Graduates struggle to find work



While doing work experience at Channel 10 during high school, Krystal Mizzi realised she wanted to be a broadcast journalist.

But after more than three years studying Journalism and Media and Communications at Swinburne University, she has had to settle for a temporary job at Flight Centre, working as a travel consultant and a marketing director.

She’s going to do a Masters of Journalism at Melbourne University next year to further her experience and enable her to do the job she longs to do.

“As much as I applied, no journalism roles were making themselves available to me,” she says. “Every role that I applied for needed a minimum how many years’ experience and I just didn’t have it on my belt.”

Joshua Healy, whose writing is published in The Conversation, says that in a Graduate Careers Australia survey only 68 per cent of bachelor graduates from the class of 2014 had a full-time job four months after graduating. This was the lowest full-time employment rate for new graduates since Graduate Careers Australia began in 1982.” It was even lower (65 per cent) for those aged less than 25 years.

Tim Lamacraft, who writes for the ABC, says that in research conducted by National Institute of Labour Studies at Flinders University shows that between 2008-2014, the proportion of new university graduates in full-time employment dropped from 56.4 per cent to 41.7 per cent.”

Money Magazine writer Susan Hely says in a report conducted by the Foundation for Young Australians (FYA) 30 per cent of young Australians are either unemployed or under-employed and unpaid internships are replacing entry-level jobs. Certain industries, such as media, were shedding large numbers of professionals and 25 per cent of young graduates did not use their university degrees in the workplace.

Alison Branley, a writer for ABC’S National Reporting Team, says that in research obtained from the New South Wales Board of Studies, Teaching and Educational Standards showed that 521 trainee teachers in 2015 failed requirements of a new national accreditation system mainly because they could not find sufficient work within a three- to five-year period.

Since 2010, NSW has lost “almost 3000 teachers from its books, and the numbers have been rising”. This had meant up to 40 per cent of teacher graduates were not able to find work within four months of graduation.

Lauren Wilson, social affairs writer for, says that the Australian Nursing and Midwifery Federation has estimated that in South Australia alone, 280 nurse and midwife graduates were unable to secure jobs after university last year.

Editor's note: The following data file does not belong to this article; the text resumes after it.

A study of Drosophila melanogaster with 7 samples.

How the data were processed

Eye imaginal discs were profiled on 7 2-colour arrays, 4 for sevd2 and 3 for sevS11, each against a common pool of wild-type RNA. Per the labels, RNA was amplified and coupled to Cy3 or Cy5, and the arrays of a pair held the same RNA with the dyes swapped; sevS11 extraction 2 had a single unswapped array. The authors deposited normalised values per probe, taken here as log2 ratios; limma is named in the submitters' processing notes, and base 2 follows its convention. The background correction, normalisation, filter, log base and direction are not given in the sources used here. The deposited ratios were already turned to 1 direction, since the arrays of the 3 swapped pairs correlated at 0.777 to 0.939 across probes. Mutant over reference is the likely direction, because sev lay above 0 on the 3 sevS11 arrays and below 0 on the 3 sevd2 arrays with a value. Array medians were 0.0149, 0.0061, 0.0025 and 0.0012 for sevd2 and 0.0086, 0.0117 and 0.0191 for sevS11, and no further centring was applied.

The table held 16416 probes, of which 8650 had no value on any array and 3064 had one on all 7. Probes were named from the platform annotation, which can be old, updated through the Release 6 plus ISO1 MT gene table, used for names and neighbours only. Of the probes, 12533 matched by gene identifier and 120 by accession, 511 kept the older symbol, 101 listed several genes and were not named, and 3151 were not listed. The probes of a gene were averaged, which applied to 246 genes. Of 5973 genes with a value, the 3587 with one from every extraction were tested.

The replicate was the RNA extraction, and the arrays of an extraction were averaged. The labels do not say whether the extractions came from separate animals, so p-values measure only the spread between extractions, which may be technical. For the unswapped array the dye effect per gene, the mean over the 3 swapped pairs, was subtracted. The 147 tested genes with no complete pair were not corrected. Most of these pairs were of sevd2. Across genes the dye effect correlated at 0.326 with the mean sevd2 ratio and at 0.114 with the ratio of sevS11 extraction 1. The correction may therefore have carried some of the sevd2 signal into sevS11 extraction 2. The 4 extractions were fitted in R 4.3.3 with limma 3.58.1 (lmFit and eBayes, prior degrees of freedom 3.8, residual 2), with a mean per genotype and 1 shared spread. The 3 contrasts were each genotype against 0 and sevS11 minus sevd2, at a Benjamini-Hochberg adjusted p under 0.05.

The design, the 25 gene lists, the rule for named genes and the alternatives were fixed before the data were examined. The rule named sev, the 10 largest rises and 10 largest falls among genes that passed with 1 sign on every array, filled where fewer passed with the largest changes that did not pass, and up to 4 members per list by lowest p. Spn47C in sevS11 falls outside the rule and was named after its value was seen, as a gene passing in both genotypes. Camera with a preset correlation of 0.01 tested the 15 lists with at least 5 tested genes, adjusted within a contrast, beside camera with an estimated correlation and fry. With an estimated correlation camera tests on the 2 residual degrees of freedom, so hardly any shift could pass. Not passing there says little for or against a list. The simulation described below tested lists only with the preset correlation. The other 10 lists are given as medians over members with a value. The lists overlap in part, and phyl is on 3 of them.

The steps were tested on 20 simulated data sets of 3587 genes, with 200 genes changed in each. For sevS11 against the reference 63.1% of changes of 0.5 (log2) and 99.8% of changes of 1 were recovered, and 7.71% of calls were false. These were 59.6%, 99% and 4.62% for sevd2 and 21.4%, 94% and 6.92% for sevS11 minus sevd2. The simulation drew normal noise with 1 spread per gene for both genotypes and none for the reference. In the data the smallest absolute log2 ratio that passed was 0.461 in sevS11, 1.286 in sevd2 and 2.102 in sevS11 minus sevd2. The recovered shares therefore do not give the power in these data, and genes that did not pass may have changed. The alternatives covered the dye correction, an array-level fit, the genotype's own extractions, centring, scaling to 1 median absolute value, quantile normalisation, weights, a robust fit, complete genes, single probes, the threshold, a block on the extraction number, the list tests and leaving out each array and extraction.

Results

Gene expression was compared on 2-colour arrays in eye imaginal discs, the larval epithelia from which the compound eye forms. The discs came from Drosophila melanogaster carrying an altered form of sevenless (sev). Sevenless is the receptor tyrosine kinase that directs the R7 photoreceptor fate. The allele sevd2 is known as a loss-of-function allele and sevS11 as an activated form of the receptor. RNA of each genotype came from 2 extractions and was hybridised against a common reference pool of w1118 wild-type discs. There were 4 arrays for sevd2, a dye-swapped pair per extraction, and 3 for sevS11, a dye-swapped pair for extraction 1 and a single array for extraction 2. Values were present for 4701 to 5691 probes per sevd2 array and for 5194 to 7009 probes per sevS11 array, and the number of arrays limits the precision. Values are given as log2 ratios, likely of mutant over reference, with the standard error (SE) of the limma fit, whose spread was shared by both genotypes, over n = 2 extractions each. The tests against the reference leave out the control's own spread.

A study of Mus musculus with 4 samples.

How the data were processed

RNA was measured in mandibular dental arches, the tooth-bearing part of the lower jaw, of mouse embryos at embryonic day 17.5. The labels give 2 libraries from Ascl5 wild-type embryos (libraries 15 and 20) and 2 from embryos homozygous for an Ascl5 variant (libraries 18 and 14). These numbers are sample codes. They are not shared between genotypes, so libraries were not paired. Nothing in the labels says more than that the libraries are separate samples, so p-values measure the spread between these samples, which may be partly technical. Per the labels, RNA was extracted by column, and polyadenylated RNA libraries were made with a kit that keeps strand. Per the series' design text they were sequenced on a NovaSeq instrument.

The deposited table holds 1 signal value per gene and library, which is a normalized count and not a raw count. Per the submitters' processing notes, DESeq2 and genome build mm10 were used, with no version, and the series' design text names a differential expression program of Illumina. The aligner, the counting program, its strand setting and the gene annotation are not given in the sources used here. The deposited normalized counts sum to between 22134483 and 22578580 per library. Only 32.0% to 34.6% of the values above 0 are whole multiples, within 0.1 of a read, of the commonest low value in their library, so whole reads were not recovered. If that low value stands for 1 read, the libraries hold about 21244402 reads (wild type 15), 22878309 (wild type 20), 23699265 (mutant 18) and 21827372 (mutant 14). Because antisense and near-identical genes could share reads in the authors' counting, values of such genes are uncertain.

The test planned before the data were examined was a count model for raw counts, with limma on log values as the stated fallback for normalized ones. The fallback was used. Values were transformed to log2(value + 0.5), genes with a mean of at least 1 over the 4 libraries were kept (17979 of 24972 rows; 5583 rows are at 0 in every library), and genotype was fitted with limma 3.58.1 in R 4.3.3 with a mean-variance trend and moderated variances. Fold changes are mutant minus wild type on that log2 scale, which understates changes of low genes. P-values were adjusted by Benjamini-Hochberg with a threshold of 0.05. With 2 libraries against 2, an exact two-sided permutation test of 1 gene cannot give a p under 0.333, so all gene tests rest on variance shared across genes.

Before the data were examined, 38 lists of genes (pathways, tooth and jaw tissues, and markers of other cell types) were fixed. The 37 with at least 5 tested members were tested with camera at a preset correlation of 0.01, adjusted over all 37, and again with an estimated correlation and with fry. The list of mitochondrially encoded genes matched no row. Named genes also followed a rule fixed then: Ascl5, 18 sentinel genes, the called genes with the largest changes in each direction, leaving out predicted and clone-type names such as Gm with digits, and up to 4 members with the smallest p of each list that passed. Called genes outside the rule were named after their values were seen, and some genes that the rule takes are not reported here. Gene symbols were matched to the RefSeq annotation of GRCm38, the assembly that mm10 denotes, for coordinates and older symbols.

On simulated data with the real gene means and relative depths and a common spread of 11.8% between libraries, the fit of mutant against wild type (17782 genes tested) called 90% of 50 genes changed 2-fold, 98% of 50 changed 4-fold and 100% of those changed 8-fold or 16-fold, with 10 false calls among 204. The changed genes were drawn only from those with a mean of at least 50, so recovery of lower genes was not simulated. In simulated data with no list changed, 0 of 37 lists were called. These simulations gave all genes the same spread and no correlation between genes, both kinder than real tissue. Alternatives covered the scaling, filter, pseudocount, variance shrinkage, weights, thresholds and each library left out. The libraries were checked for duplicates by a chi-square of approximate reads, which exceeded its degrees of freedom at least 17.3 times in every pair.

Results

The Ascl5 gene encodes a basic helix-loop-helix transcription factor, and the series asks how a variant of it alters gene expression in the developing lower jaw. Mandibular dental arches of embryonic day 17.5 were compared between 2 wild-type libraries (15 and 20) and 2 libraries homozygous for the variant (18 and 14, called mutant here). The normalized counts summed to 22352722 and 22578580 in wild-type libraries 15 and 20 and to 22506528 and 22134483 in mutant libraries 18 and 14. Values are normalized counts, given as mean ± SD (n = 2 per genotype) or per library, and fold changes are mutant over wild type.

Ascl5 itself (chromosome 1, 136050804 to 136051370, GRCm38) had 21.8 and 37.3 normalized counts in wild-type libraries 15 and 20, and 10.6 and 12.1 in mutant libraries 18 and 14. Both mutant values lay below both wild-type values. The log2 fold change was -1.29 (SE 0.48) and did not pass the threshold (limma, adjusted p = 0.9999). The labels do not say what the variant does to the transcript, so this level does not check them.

In Queensland, only 600 of 2500 nursing graduates were able to secure jobs this year. In Victoria, 800 nurse and midwife graduates were unable toget jobs last year and in Tasmania, 60 per cent of nursing graduates were unable to find work in the same period.

Also, Health Workforce Australia has estimated that 1100 new nurse and midwife graduates will be unable to find positions this year, and around 1500 graduate enrolled nurses will miss out on a permanent position.

Felicity Wilson, who writes for Lawyers Weekly, says that in a 2014 report conducted by Graduate Careers Australia shows one quarter of law graduates who wanted a full-time job could not find one within four months of graduating last year, up from 21.5 per cent in 2013.

Charmaine Cheok, a Bachelor of Business and Economics student at the University of Tasmania, says she has struggled to find a job because she has not been able to get an interview and that “most jobs require either a permanent residency (PR) or Australian residency”.

She says the reason why graduates struggle to find a job once they graduate is because they lack experience in the particular field they want to work in. They also “do not volunteer and therefore do not have the relevant skills (e.g. interpersonal skills), [which] are developed through volunteering”.

Krystal Mizzi says the reason graduates struggle to find a job once they graduate is because they just don’t have the experience in the workforce or in the field that they’re working in [or] that they would like to get into. “Employers really want to hire someone with a little bit more experience as supposed to just a university graduate. We can’t offer all that much.”

Mizzi says a way students could get a full-time job once they graduate is through work placement. She says that with “nursing and teaching, they have a really strong emphasis on placement, most of the teaching year is doing a lot of placement and a lot more courses should be like that.”

“If students were getting out into the workforce, whether they’re getting paid for it or not, they’re getting that experience that can go on their résumé,” she says. “They’re meeting people. Their connections are growing. It’s definitely going to help people find more work.”

Cheok says that a way students could a get a full-time job once they finish is by applying for internships even if they are not being paid to get more experience in their particular field,” she says. “Volunteer as much as you can in university because all the skills you develop in volunteering will come in handy when you start working.”